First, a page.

Answer: Repurpose everything.
Try to make every activity and move you make impact more than one area of your business. Look for a way (any way!) to create exponential time, money, relationships, content (sometimes all of these at once) out of whatever business activity you are partaking in at any given moment.
Business legend Peter Drucker said that after making a decision or solving any problem, the best business managers do this:
They make a rule, a policy, a written procedure or a checklist. So that when they are faced with that same situation again, they don’t have to “reinvent the wheel.”
Doing research on a subject? Find a way to archive it. You just harvested time down the line when you need to revisit that information for something else related.
I took me nearly five years to start doing this. FIVE YEARS! Imagine the knowledge deficit that has created in my business.
Now that I do this, I notice how rarely other small businesses and startups tend to think about this. The inefficiency is staggering.
I know try to do this for every activity I do.
My thought process is: How can I milk this activity to it get the most out of my time and effort?
Writing a proposal? Turn it into a template (saves you time), then a blog post on how to write proposals (potential money, time, content and relationships).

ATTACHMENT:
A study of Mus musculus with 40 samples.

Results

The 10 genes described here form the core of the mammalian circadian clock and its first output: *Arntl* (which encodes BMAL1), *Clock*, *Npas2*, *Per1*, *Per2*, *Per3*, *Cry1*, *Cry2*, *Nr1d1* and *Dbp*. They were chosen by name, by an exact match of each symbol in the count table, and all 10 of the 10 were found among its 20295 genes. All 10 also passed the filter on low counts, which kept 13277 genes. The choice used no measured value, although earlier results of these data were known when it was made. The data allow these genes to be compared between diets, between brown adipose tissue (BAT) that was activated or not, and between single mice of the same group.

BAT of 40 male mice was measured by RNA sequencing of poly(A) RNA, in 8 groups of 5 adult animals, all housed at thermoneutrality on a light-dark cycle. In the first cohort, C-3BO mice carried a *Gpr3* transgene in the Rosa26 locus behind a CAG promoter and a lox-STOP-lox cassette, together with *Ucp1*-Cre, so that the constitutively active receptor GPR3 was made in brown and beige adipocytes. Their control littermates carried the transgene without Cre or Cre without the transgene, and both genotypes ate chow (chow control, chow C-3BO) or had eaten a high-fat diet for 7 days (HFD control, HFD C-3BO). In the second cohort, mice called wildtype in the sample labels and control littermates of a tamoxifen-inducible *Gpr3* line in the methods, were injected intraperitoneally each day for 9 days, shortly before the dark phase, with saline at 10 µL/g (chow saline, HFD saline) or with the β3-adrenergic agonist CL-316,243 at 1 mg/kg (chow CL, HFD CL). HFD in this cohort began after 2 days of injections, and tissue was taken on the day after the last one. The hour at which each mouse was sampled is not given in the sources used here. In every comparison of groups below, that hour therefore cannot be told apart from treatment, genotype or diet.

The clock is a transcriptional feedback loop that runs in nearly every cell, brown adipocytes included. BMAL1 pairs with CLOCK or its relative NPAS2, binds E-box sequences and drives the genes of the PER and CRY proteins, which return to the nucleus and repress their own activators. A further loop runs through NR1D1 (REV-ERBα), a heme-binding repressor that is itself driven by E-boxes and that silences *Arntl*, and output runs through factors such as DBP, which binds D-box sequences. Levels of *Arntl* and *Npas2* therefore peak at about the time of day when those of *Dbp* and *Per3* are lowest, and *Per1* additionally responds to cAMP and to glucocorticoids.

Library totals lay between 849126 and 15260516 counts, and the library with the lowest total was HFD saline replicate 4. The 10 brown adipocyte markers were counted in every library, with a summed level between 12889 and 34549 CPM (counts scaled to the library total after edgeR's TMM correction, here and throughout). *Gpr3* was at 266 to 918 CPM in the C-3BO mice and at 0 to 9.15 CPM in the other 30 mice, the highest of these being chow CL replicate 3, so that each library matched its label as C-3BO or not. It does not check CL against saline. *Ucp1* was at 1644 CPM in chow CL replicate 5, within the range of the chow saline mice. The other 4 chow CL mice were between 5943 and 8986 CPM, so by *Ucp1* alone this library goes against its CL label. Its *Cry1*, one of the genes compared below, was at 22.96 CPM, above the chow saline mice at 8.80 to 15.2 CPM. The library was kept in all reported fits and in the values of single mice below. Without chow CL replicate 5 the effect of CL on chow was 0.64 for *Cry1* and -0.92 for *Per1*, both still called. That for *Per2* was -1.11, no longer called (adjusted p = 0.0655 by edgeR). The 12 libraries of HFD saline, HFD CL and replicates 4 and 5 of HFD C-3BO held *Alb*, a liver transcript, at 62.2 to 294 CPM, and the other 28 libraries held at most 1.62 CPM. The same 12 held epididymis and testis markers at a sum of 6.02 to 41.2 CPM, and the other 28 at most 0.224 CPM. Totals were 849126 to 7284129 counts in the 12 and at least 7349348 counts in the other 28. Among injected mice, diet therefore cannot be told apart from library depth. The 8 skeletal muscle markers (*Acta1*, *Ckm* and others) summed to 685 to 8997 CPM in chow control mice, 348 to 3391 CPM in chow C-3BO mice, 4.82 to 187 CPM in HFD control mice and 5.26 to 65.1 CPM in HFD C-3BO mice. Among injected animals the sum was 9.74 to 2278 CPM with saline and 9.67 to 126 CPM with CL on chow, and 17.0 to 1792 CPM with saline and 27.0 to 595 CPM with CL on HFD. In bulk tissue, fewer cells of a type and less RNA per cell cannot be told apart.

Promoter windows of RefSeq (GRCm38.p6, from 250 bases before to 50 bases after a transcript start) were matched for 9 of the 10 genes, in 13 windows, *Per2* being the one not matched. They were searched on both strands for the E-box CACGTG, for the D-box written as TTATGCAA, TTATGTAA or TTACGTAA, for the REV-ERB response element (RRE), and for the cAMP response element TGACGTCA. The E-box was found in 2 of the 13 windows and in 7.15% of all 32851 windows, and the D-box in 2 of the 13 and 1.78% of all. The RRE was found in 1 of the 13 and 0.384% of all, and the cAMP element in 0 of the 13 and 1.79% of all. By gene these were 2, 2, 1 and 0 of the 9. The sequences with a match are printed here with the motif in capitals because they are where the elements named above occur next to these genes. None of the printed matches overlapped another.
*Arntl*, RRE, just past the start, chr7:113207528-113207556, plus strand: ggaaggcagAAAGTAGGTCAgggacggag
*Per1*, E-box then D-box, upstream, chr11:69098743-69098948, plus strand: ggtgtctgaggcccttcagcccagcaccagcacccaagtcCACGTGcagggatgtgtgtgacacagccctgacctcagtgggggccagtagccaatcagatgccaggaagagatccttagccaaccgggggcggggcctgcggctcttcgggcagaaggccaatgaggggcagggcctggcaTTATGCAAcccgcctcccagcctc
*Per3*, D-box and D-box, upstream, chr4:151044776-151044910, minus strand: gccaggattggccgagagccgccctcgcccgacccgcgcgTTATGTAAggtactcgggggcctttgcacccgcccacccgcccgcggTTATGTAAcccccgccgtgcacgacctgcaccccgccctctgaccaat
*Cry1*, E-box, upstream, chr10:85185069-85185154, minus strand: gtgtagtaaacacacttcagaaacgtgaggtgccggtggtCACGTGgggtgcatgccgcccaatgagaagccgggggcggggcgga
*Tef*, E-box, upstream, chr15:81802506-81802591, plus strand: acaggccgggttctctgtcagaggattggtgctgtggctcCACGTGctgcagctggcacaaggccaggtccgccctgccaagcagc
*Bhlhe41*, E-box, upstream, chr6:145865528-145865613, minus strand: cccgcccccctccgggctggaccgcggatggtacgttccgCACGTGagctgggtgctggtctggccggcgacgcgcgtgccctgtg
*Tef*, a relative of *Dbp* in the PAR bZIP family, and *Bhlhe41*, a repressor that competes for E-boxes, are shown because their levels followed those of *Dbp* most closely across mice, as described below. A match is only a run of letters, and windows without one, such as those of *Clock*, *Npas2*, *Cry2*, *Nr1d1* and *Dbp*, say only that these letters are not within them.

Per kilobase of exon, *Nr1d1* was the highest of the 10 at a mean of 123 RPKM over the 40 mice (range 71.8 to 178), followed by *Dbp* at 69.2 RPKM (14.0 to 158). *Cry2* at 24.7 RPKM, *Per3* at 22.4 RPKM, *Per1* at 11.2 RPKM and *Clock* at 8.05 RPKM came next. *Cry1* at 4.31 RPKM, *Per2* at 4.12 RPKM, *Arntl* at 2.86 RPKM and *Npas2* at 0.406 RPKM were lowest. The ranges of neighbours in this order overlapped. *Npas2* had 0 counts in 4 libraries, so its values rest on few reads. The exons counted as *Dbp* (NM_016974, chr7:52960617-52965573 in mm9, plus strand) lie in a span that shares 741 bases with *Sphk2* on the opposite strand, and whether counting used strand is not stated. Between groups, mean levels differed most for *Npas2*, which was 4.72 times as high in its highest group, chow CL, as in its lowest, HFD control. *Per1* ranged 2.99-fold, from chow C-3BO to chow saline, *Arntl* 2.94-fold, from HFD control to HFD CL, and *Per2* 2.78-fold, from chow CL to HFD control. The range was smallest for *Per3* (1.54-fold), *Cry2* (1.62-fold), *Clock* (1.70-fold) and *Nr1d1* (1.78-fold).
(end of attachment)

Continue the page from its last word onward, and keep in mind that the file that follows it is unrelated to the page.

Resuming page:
Doing a task that is working “in” your business and not “on” your business? Document the process in detail. This will save you money (and time) because at some point you’ll hand that process off to someone who can do it for you and you won’t have to spend time to teach them how you do it.
Again: Repurpose everything. Be ruthless about it.
Sometimes it might be a task that you yourself end up doing again. But maybe it’s been a while. It takes time to relearn it. Save yourself that time by doing it right the first time.
You might say: "But what about the extra time it takes to write down the process?"
It might take a bit extra time up front, but then you can pass that document off time after time after time. Do it once, and it’s done. But you’ll reap the rewards over and over again.
How does this relate to your brand? Simple. Consistency.
Having a consistent, repeatable process creates a product that you can reproduce over and over again. And when you deliver the same type of product to your clients and customers that they like, you meet their expectations. And you are keeping your promise. When you keep your promise and meet their expectations you gain their trust. And trust is the reason they come back to you over and over again.
What about you? What do you wish you had known when you first started your business?